Mark Richardson: 5 Cures for Happiness in Remodeling

Success is often a product of reducing pain or unhappiness more than creating it.

February 01, 2012

Like you, I chuckled but I also began to think about this metaphor as a way of better understanding what we do in a client’s home or with the remodeling experience.

Remodeling, like going to the dentist, can be uncomfortable and even painful. Success is often a product of reducing pain or unhappiness more than creating it. If we (and our team) avoid doing a few things the likelihood for success dramatically increases.

When it comes to managing the client experience the following are some significant “cures for happiness.”

1) Don’t communicate

If you leave the client in the dark then not only will they be confused but the levels of fear and anxiety will increase. Remodeling can be scary and the best way to increase the scariness is to not communicate. Communication is easy not to do (and hard to do properly).

2) Be dishonest

When you are working with the intimate elements of people’s lives (their homes), trust may be one of the most important attributes (even over competency). A great way to cure happiness (to reduce or eliminate trust) is to be dishonest.

Dishonesty is about lying, not about not fully disclosing. (I like to eat sausage but I don’t need to know the details of how it is made.) It is easy to lie to a client but a little harder to always be honest.

3) Make it difficult

Happiness is also about being easy. The best way to see happiness vaporize is to make it difficult and stressful.

If you chart out the emotions in the remodeling experience, you will find the stock generally goes down in the planning process primarily because of overwhelm. The more complicated that you make it, the more unpleasant it will be and the more unpleasant it is, the longer it will take them to come back for another project in the future.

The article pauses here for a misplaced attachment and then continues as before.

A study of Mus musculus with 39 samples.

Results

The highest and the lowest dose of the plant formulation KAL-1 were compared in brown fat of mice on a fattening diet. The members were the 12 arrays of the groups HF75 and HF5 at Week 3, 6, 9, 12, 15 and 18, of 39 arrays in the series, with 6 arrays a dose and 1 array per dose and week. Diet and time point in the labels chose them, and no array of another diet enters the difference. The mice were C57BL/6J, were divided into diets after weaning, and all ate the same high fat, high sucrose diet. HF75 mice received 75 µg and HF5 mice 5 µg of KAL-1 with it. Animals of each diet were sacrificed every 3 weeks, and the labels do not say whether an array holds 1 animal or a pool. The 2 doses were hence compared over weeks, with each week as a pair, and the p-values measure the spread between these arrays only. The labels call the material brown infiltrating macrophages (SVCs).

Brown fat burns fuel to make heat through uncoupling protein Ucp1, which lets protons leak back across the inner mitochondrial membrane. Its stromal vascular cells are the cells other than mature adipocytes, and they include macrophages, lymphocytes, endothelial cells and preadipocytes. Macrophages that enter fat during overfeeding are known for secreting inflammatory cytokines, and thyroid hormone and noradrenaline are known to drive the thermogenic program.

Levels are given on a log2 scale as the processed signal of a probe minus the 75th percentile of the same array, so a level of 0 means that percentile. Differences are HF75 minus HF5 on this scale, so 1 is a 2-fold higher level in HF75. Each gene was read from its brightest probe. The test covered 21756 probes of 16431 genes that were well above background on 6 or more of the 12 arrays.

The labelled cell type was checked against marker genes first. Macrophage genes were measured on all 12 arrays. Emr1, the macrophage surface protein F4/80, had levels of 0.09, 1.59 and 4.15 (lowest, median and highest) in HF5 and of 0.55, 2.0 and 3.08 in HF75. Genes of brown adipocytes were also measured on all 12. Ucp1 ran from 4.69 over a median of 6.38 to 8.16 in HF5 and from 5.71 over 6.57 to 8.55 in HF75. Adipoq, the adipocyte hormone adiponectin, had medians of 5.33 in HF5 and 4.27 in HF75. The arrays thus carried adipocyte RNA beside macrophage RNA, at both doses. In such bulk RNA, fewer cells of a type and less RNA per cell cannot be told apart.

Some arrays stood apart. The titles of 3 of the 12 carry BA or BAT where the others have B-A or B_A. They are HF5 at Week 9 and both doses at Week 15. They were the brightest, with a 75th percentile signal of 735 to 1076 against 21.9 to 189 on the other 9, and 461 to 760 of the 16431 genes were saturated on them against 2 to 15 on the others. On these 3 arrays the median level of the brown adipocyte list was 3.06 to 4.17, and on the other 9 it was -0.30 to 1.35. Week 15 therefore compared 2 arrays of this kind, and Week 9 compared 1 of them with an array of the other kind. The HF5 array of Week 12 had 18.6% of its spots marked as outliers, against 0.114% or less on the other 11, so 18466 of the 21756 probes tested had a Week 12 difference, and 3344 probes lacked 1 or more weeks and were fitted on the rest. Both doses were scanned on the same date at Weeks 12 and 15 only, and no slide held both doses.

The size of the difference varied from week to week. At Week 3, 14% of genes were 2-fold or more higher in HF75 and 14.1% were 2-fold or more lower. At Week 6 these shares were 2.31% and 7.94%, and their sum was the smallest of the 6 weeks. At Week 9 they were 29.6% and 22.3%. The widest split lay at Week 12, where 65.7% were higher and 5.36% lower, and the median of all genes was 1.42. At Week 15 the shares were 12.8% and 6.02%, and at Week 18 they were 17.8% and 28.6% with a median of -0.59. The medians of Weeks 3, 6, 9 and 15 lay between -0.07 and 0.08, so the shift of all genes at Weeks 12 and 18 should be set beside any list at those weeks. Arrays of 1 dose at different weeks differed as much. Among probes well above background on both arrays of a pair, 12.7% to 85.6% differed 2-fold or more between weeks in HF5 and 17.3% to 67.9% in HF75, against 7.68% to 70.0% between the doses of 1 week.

4) Focus on the project not the client

Happiness and fond memories don’t come from the insulation value of the windows or the tightness of a crown molding joint. Those memories come from relationships — from coming downstairs and having the newspaper brought up from the curb or a little help with a dead battery to get the kids to school on time. The best way to not have these memories is to focus primarily on the stick and bricks and not the client.

5) Make it unpredictable

The more unpredictable a project is, the more frustrating it will be. For clients, not knowing what their “sanctuary“ (their home) will look like when they get home at night or whether something will take a day or a week really will take the smiles off their faces. Everyone likes a little spice or surprise in their life, but unpredictability is a cure for happiness. When the traffic is unpredictable it makes life tough. When the weather is unpredictable it makes life tough. Tough becomes wearing, and wearing creates unhappiness.

So while this message is being delivered in a bit of a tongue-in-cheek manner, the subject is very serious. Today more than ever, your client experience is where success and failure lies.

This failure results in lower margins, less referrals and past clients that look at the remodeling experience compared to getting a root canal. If you can focus on what not to do rather than what to do, it will dramatically increase your success.

Mark Richardson, CR, is co-chairman of Case Design Remodeling and the Case Institute of Remodeling. He is a member of the NAHB Remodeling Hall of Fame and a Fellow at Harvard University’s Joint Center for Housing Studies. Richardson is the author of the best-selling book, “How Fit is Your Business,” and a forthcoming book, “Business Themes to Live By,” to be published this year.